Each day, more than 130 people in the U.S. die as a result of an opioid-related overdose, according to the National Institute on Drug Abuse. Among the many clinicians grappling with this public health crisis is Joji Suzuki, MD, director of the Division of Addiction Psychiatry. In this abridged interview, originally published in Clinical & Research News, learn more about Suzuki’s passion for patient care, his perspective on the opioid epidemic and his take on motivational interviewing.
Q: What is driving the opioid crisis?
JS: Substance use disorder has been fragmented from standard medical care for years. If you had a drinking or heroin problem, a doctor would have probably told you that they don’t treat it and referred you to a community program, such as Alcoholics Anonymous, or detox. Patients across the country were told that whatever door they were knocking on was the wrong door. Mainstream medicine never really took responsibility for treating substance use disorders. Even today, if you go to a typical medical school, you’re taught very little about substance disorders.
Clinicians across the country are also faced with a dilemma on how to safely treat pain without over-prescribing and relying on opioids. At the Brigham, we are cognizant of this dilemma every day. It’s our job to care for each patient in a responsible and effective way, and to ensure that our staff is fully capable of managing pain safely. It’s also our job to determine how best to connect patients with appropriate treatment services and support.
Q: Where does the solution lie?
JS: The opioid crisis is a systemic problem. It’s about how we as states, agencies, medical schools and hospitals address substance use disorders as a system rather than as a single health care institution. Given the magnitude of scope, we cannot address the crisis alone. All parts of the system must play their part, and this crisis has exposed the deficiencies of our system. Right now, our national response has been too slow and too inadequate. A lot of people are trying, but many of the efforts are not coordinated.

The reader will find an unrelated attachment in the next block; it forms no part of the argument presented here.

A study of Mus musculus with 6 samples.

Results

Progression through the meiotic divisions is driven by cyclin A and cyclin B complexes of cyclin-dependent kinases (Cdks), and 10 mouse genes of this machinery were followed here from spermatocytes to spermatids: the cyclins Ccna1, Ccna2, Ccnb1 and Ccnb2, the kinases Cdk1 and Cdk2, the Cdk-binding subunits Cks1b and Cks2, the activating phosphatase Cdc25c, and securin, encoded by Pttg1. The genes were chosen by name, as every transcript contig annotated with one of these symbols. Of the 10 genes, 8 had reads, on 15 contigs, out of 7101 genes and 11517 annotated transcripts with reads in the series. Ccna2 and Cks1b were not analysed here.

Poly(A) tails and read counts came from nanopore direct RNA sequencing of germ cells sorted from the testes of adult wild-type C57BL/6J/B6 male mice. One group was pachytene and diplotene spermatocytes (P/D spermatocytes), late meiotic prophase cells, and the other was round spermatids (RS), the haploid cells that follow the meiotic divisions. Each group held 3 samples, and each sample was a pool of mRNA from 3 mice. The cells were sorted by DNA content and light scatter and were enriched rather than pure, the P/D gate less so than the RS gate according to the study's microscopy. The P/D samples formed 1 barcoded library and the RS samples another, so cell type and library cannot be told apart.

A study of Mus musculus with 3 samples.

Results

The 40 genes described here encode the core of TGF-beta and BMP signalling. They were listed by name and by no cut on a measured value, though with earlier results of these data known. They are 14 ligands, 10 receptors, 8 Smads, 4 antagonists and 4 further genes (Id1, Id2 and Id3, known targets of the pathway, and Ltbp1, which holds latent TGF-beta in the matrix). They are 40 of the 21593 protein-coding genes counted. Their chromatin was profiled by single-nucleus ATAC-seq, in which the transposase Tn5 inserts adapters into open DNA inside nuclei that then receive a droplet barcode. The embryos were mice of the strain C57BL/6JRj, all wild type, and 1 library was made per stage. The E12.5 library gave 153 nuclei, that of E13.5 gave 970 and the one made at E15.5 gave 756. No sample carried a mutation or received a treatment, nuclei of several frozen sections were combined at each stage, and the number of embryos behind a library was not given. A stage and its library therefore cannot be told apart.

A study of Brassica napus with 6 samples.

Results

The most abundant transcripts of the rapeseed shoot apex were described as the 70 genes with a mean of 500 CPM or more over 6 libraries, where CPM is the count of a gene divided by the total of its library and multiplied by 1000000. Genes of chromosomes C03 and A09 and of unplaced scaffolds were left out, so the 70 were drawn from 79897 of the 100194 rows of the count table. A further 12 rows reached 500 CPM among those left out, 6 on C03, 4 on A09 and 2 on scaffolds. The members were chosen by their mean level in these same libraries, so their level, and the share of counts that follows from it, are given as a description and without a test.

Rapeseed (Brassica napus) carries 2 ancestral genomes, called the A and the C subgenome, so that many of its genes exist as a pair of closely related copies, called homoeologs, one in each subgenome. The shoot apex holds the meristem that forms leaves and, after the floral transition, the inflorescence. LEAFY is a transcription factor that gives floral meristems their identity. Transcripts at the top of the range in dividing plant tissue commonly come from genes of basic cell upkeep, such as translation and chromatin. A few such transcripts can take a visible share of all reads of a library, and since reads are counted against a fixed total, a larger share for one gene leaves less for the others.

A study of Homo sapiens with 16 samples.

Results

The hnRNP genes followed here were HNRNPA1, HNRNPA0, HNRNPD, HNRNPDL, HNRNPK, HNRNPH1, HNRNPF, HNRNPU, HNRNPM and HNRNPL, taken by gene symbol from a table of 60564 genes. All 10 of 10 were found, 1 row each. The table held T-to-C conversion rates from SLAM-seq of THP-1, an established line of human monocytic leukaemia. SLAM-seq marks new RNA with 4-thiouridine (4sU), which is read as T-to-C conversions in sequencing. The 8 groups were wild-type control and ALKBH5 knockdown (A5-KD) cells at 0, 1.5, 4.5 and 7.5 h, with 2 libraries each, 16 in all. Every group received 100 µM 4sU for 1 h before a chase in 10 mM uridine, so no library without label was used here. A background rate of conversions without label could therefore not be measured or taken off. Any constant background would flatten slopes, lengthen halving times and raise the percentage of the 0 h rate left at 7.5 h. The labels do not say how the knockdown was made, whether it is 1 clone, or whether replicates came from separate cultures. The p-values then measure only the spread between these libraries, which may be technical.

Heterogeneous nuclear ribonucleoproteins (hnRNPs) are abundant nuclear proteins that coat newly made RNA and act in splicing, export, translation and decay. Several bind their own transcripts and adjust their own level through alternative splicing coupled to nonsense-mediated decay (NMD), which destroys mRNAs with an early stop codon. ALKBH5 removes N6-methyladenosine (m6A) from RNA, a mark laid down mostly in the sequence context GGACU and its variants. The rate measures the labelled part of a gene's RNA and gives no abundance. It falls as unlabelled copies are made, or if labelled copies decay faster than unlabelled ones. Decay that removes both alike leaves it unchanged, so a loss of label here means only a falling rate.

Q: What behavioral health techniques do you use to help patients?
JS: I am a big proponent of motivational interviewing, which is a clinical approach that tries to accomplish behavior change by evoking from the patient his or her own reasons for and desire to change. Simply put, it’s the difference between listening to your patient versus telling them what to do. The traditional approach included a wise doctor and a novice patient, focusing solely on education, such as how to be healthy. While this approach is necessary when patients are acutely ill, this dynamic can lead to a wrestling match in patients struggling to change their unhealthy behaviors. The new approach focuses on an intricate, collaborative partnership – like a dance.
Read the full interview here. If you or someone you know would like to seek support for substance use disorder, contact the Addiction Recovery Program, an outpatient service in the Department of Psychiatry, at 617-983-7060, option 2.